Synopses & Reviews
Much history and theory is uncovered here in the first comprehensive study of zine publishing. From their origins in early 20th century science fiction cults, their more proximate roots in 60s counter-culture and their rapid proliferation in the wake of punk rock, Stephen Duncombe pays full due to the political importance of zines as a vital network of popular culture. He also analyzes how zines measure up to their utopian and escapist outlook in achieving fundamental social change. Packed with extracts and illustrations, he provides a useful overview of the contemporary underground in all its splendor and misery.
"A timely new critical study, Stephen Duncombe's Notes from Underground: Zines and the Politics of Alternative Culture (1997), throws some light on the current state of zines and what's at stake. Duncombe, a professor of American Studies and a zine-maker himself, locates zines within a wider bohemian tradition, and maps out both the potential and the limits of their cultural radicalism." —The Atlantic
"Duncombe retains his respect and even admiration for the utopian sentiments that animate the 'zine world, even as he unblinkingly diagnoses the contradictions and limitations of the political vision these publications offer." —Weekly Wire
"Here is an extensive analysis and critique of the zine as a whole by a professor, activist, and zine maker himself. Originally published in 1997, it gives many references to the broad world of zines at the time and even dating back to the 1930s. All subject remains timeless in effect and Duncombe espouses on each careful selection as it relates to the subject he is tackling. As a former self-publisher and now contributor, I never gave much thought to the history. For example, originating in the sci-fi world, the zine was birthed as a means to connect with like minded people to share ideas about stories read in glossier magazines, and even to self publish their own. The anti-consumerist nature of DIY publishing is a rebellion in itself and yet has a major craving for connection at the same time. Duncombe delves into this oxymoron and raises the questions: do zines make the difference it set out to do? Can they actually effect social change or rather implode in its underground world? He sites arguments for both, afterall he IS part of it himself. These are all important queries that raised my eyebrows and had me pondering the broader effect of zines on our culture and society as large. Recommended." —Profance Existance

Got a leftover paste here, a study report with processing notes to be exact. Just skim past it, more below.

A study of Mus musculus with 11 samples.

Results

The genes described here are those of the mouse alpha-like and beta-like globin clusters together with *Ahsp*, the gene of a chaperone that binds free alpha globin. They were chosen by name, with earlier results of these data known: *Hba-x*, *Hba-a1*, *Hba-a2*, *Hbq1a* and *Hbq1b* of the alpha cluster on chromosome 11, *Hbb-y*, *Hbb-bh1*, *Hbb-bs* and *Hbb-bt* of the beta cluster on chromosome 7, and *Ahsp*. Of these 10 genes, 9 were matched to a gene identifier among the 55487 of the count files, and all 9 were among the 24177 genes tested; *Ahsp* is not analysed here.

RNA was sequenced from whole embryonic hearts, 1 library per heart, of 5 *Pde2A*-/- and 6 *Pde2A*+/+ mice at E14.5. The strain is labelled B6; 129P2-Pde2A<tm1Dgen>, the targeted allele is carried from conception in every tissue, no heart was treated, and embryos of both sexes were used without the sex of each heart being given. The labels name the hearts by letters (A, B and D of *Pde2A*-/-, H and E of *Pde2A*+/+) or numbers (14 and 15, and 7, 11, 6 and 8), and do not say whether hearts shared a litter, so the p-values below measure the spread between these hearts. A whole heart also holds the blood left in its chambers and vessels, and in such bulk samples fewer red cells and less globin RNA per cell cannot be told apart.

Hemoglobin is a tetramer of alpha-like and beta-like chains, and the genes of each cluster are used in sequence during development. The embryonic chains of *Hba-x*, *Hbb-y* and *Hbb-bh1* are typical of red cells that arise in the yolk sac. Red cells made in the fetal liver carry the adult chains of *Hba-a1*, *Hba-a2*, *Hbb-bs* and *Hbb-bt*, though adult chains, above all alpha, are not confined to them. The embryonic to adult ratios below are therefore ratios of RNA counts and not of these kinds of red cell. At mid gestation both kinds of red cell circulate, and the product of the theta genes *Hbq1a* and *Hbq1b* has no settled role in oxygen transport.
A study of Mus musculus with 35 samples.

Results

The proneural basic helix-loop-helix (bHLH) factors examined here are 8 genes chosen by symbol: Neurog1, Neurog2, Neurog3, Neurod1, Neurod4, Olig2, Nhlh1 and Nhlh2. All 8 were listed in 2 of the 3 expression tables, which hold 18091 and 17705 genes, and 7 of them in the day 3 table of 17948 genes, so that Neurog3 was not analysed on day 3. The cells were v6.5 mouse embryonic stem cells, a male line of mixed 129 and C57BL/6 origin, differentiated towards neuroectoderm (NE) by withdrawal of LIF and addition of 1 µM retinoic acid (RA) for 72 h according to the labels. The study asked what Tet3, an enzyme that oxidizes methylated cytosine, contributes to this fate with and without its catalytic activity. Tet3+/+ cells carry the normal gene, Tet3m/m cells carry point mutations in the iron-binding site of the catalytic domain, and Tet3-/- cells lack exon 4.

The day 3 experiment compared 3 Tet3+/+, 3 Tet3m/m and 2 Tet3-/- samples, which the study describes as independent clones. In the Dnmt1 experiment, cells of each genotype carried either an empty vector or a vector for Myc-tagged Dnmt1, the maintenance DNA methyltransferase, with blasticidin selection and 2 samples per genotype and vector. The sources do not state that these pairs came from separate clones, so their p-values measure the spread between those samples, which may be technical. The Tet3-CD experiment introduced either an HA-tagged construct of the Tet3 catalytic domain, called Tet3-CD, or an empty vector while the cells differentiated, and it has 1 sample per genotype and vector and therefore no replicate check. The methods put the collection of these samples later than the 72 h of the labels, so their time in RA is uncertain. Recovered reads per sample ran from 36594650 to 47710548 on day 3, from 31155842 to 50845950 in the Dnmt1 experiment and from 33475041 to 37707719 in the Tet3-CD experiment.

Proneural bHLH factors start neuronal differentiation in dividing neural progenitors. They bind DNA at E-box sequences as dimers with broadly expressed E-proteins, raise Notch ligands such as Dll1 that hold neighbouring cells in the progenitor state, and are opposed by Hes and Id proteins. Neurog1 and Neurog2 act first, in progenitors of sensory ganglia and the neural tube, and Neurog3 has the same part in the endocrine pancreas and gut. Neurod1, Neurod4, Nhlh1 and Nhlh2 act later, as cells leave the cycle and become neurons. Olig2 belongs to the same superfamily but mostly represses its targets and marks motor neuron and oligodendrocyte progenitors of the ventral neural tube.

"This book took me a little by surprise with its in depth and analytical look at zine culture and it's place in alternative culture. This zine starts with a great overview of what exactly zines are and then moves into discussing the community around zines and other aspects of their place in culture." —410Media
"Duncombe professes American Studies at SUNY Old Westbury and Notes From Underground is a work of very impressive scholarship: there are 32 pages of notes, many of them gathered during 'weeks on end' when he studied at the NY State Library among 'hundreds of cubic feet of zines housed in their Factsheet Five Collection'.' He's also a longtime zinester and has created a labor of love here, meant to be read. Don't be intimidated by the scholarly apparatus or the occasionally highfalutin language (zines are 'repositories of nonalienated creation and media for nonalienating communication') -- there's a lot here to interest the general reader. There's dozens of well-chosen illustrations. Almost all from zines published in the early 1990s. A pretty good index despite the omission of Tussin Up and MSRRT's Chris Dodge. I recommend Notes From Underground very highly." —The Ten Page News
About the Author
Stephen Duncombe is an associate professor at New York Universitys Gallatin School and a lifelong political activist. He lives in New York City.